Today, Willow wanted to go to bed at about 6:20 pm.
He had been very snuggly today and was yelling for attention in the early evening. Was very mad I did not share popcorn shrimp with him.
Anyhow, once I ate, I came and got Willow out of his cage. He’s been putting his foot out and stepping right up even though he still pinches sometimes. I hand fed him some sunflower seeds for a treat. But he kept wanting to be held and to hide his head and then scolding and nipping me the way he does when I’m not cuddling him”right”.
Finally I realized we were close to bedtime and I couldn’t make him happy. Asked him if he wanted to go to bed, to go night night, because I couldn’t cuddle him right and he kept hiding his face yet didn’t want to be petted.
So I brought him to his cage and he ran right in.
I wish he didn’t want to go to bed so early!! 7 pm is normal but that’s really early for me. I have a delayed phase sleep disorder and I don’t want to be asleep when he’s awake and awake when he’s asleep.
If your Quaker doesn’t talk, how do you tell what he or she wants? It was so much easier with Lucy who just gave marching orders.
Last Edit: Aug 11, 2023 13:40:54 GMT -5 by heatherg
Ralph can communicate well with body language and Quaker parrot graaaccckkks. When he's out of his cage and wants to go somewhere in the apartment, he'll look in the direction he wants to go and say grrraaaccckk with a certain infection, and I know what he wants to do. Sometimes he responds with enthusiastic head bobs if I ask him if he wants something or wants to do something, and I understand that is an affirmative response. If he doesn't want to do something or wants to stop playing whatever game we've been playing, he says something like an annoyed or bored ehhhh. Words would often be more helpful but I can figure out what he wants often enough through behaviors like those.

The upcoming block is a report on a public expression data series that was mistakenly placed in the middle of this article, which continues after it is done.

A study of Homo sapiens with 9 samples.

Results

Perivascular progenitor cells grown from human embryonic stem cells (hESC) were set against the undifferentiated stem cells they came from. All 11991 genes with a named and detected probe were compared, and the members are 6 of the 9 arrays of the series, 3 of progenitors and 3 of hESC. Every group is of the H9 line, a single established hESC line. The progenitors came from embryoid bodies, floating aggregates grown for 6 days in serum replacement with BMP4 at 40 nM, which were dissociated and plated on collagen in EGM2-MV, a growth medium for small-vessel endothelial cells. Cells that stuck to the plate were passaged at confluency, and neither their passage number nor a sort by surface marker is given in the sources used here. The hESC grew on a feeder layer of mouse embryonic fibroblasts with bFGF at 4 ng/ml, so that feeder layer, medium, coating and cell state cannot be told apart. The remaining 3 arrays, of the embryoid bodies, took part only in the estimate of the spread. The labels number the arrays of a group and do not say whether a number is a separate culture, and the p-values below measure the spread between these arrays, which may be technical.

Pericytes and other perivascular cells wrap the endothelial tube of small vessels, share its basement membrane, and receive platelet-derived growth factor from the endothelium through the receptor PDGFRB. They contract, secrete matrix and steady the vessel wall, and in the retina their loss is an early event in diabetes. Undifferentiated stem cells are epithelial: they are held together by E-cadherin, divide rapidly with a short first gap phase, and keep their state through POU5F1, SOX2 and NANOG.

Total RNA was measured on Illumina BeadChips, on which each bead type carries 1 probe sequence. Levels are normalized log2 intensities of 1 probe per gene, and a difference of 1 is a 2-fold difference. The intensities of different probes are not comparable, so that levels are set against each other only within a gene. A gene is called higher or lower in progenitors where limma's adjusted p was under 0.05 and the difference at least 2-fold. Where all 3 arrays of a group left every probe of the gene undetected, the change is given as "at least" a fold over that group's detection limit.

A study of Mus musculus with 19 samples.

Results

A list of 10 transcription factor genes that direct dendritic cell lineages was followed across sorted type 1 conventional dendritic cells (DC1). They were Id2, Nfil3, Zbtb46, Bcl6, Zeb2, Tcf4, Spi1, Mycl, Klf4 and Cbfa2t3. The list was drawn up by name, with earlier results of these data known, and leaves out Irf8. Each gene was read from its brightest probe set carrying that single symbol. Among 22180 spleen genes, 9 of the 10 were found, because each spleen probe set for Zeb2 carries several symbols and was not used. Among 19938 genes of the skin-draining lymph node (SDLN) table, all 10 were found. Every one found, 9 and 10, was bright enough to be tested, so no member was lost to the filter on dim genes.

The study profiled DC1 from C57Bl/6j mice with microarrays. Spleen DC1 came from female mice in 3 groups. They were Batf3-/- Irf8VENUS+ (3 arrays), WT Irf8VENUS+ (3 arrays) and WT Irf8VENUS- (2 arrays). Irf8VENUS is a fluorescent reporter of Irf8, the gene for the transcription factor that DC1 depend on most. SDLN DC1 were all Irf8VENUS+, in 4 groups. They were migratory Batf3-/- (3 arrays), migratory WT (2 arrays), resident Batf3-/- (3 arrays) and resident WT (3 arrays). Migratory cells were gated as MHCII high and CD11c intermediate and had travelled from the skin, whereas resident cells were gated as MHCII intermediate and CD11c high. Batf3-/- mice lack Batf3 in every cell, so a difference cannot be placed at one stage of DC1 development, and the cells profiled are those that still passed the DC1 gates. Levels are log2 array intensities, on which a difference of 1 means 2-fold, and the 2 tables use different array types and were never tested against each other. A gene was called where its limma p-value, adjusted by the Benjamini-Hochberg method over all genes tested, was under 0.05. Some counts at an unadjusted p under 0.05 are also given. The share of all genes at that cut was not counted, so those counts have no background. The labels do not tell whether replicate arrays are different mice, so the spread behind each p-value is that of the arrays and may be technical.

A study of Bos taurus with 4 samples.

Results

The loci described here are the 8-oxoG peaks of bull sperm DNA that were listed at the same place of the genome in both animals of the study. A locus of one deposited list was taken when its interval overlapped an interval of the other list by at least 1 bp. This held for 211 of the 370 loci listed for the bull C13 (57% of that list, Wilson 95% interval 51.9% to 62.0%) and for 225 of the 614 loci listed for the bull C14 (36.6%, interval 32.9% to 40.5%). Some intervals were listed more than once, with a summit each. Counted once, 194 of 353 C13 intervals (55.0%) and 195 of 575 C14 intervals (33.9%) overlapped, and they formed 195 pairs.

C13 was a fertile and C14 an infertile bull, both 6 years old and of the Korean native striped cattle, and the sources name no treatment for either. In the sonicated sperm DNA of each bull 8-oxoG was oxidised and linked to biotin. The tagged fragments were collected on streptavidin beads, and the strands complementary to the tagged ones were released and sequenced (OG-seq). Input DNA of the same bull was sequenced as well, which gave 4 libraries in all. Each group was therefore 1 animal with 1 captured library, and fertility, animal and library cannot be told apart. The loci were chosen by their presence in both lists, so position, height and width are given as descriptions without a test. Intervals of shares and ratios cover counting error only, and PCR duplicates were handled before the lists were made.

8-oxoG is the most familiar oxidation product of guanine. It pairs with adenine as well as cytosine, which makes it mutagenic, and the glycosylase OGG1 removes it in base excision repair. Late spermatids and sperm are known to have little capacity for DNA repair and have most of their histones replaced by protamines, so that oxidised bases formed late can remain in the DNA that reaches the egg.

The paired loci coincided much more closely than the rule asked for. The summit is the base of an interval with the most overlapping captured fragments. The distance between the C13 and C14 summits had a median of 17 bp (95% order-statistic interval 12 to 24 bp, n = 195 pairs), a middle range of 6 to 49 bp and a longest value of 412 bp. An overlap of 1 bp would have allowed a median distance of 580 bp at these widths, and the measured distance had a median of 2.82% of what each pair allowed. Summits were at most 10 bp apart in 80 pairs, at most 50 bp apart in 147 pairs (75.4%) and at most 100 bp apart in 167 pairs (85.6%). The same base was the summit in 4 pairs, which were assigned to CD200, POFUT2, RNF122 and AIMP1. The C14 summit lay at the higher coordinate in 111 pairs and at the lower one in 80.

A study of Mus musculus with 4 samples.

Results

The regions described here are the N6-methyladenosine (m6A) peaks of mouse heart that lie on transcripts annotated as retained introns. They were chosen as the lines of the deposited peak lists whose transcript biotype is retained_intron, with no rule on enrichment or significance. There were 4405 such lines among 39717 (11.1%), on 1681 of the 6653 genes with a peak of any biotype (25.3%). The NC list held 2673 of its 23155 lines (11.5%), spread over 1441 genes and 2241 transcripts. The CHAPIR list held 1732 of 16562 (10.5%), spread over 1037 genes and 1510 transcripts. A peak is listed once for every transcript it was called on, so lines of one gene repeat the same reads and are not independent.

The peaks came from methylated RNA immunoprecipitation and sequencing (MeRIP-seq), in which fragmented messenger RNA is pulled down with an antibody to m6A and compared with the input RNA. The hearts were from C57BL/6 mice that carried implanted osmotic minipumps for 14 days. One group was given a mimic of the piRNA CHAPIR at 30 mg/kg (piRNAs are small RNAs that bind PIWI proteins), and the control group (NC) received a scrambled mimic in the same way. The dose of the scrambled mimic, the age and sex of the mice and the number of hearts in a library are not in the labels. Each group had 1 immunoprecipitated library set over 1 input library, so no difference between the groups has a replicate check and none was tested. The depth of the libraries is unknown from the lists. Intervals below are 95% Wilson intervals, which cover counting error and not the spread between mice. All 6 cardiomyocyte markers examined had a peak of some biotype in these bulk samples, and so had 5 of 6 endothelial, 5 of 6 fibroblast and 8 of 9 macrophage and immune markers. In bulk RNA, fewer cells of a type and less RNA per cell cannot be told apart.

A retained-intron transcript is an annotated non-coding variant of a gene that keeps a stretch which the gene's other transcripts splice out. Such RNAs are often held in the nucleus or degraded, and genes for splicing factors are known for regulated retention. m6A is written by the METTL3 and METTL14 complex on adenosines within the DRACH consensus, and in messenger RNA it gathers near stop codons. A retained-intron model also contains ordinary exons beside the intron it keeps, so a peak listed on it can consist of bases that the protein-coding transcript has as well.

When it's his usual bedtime, he seems to know that it's time to stop playing and go back to his cage. He quits whatever he's been doing and looks toward his cage and says grrraaaccckk. It's usually sometime between 7:00 and 7:15, but occasionally he's ready for bed a few minutes earlier. I know he usually wakes up in the morning before I do, but he rarely makes a sound until I come in and greet him. I appreciate that.
Parrots can and often do change their minds in the blink of an eye, and can very abruptly decide that "enough is enough" when it comes to head scratches, playing a game or almost anything else. Willow was just exercising his parrot prerogative to abruptly halt the petting and move on. It does confuse us humans sometimes when that sort of thing happens, but I suppose that it makes perfect sense to the parrots.